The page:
Outlook. The local benchmark yield curve grew steeper last week from the prior week due to resurgent US Treasury (UST) yields amid a rally in oil and other commodity prices, fresh UST supply worth $96bn this week, and renewed higher inflation expectation in the US. All these ahead of the release of US 1Q18 GDP number on Friday (Saturday, PH time). Easing geopolitical worries and a steady increase in commodity prices, especially oil prices that reached its highest level (Brent oil topped $75/barrel last week) since 2014, boosted inflation expectations around the world. Locally, inflation expectations are already high, part of the unintended consequences of TRAIN, which raises questions about the steady BSP hand. The peso is already down by 4.76% year-to-date (YTD) to Php52.30 and the worst performing currency in the region, second year in a row that it was lower by 4%. Furthermore, the Development Budget Coordination Committee (DBCC) revised its peso-dollar forecast for this year from Php49-52 to Php50-53, which has inflationary implication and may force the hand of the BSP, widely perceived to be behind the curve.

Market review. The local benchmark yield curve was up by 2bps week-on-week (WoW) and 60bps year-to-date (YTD) as the 10-yr US Treasury (UST) tested the 3.0% mark. The spread between the local 10-yr local benchmark and the 10-yr US Treasury (UST) widened to 328bps from 323bps, as the former rose by 19bps to 6.24% and up by 54bps YTD, while the latter was also up by 14bps to 2.96%. Yields of ROPs rose by an average of 6bps, tracking the movement in USTs, up by 9bps.

The Bureau of the Treasury (BTr) partially awarded its recent Php10bn auction of reissued 20-yr bond. The auction was 1.9x oversubscribed and fetched an average bid rate of 6.85. Accepted bid rates were capped at 6.95%.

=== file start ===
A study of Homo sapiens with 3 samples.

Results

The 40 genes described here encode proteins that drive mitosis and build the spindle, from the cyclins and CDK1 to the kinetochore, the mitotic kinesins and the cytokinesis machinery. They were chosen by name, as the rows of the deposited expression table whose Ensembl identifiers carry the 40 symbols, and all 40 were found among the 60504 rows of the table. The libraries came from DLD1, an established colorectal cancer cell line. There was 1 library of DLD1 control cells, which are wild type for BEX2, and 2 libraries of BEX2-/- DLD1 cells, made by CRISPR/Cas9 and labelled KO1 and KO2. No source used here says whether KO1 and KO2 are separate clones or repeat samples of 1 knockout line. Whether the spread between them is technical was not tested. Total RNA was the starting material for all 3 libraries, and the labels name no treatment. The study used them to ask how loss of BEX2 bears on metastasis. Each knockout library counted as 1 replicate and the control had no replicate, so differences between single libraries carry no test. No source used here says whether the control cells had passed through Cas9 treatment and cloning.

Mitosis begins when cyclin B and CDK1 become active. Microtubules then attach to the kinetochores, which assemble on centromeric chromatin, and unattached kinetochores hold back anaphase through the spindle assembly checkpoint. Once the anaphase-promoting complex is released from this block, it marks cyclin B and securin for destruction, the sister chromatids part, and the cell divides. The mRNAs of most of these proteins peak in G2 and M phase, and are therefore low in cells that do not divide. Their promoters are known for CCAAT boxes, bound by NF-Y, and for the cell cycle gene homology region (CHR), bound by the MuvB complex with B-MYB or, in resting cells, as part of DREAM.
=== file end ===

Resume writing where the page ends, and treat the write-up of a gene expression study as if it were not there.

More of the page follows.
Total daily traded volume down 22% week-on-week (WoW) to Php5.4bn. The liquid yield curve rose by an average of 2bps on thin trading as USTs rose and steepened last week. The front-end (FXTN 05-72: 1yr) fell by 9bps to 3.56%, the belly (FXTN 10-61: 9.7yrs) rose by 13bps to 6.08%, while the tail (R25-01: 20.5yr) was flat at 7.10%. Secondary trading volume decreased by 22% to Php5.4bn on market caution. T-bill trading reached Php3.1bn, up 64% week-on-week (WoW), while T-bond trading volume halved to Php2.3bn. Investors are still defensive, preferring short-tenored notes resulting in a steeper yield curve. The BTr fully awarded its Php5bn 91-day T-bill auction yesterday (April 23) while partially awarding the bids for both the 182-day and 364-day auction. Average bids for the 91-day bill was capped at 3.59%, 10bps higher than the previous auction’s 3.49%. On the other hand, bid rates for the 182-day and 364-day T-bills were capped at 4.00% and 4.05%, respectively, while accepted rates for the two bills were 3.89% and 3.99%. The auction was 1.8x oversubscribed.

Emerging Markets’ (EM) 10-year yields up 12bps week-on-week (WoW). Yields of EM bonds we follow were up by 12bps WoW on average as the 10-yr UST inched closer to 3.0%. However, analysts noted that it is not by itself a problem for EM bonds as long as the global and EM outlook looks favorable, but with how fast USTs moved to that level. Turkey (10-year yield -47bps), China (-19bps), and Brazil (-16bps) outperformed last week, while India (10-year yield +29bps), Indonesia (+23bps), and Hong Kong (+19bps) underperformed.

USTs up by 9bps WoW. US Treasuries rose by an average of 9bps WoW, while the 10-yr UST was up by 14bps WoW to 2.96%, on the brink of breaking through the 3.0% mark for the first time in four years. Easing geopolitical tensions jumpstarted the 10-yr UST to 2.99% at the start of last week, even hitting as high as 2.998% . Additionally, Brent oil prices moved above $70/barrel, fanning optimism of higher inflation. Finally, strong retail sales (up 0.6% in March vs 0.3% expected) and housing starts data (up 1.1% in March from 3.1% in February) released last week further fueled inflation expectation. Note that the prospect of higher inflation dims the appeal of longer-term debt such as 10-year USTs given the threat of lower real yield: higher level of consumer prices index rise outstripping fixed bond returns. Meanwhile, the dollar rallied to its three-month high last week with the dollar index closing the week at 90.95. Markets will turn its attention to the US GDP report for the past quarter, which is expected to grow by 1.8%, below the government’s 3.0% target for the year.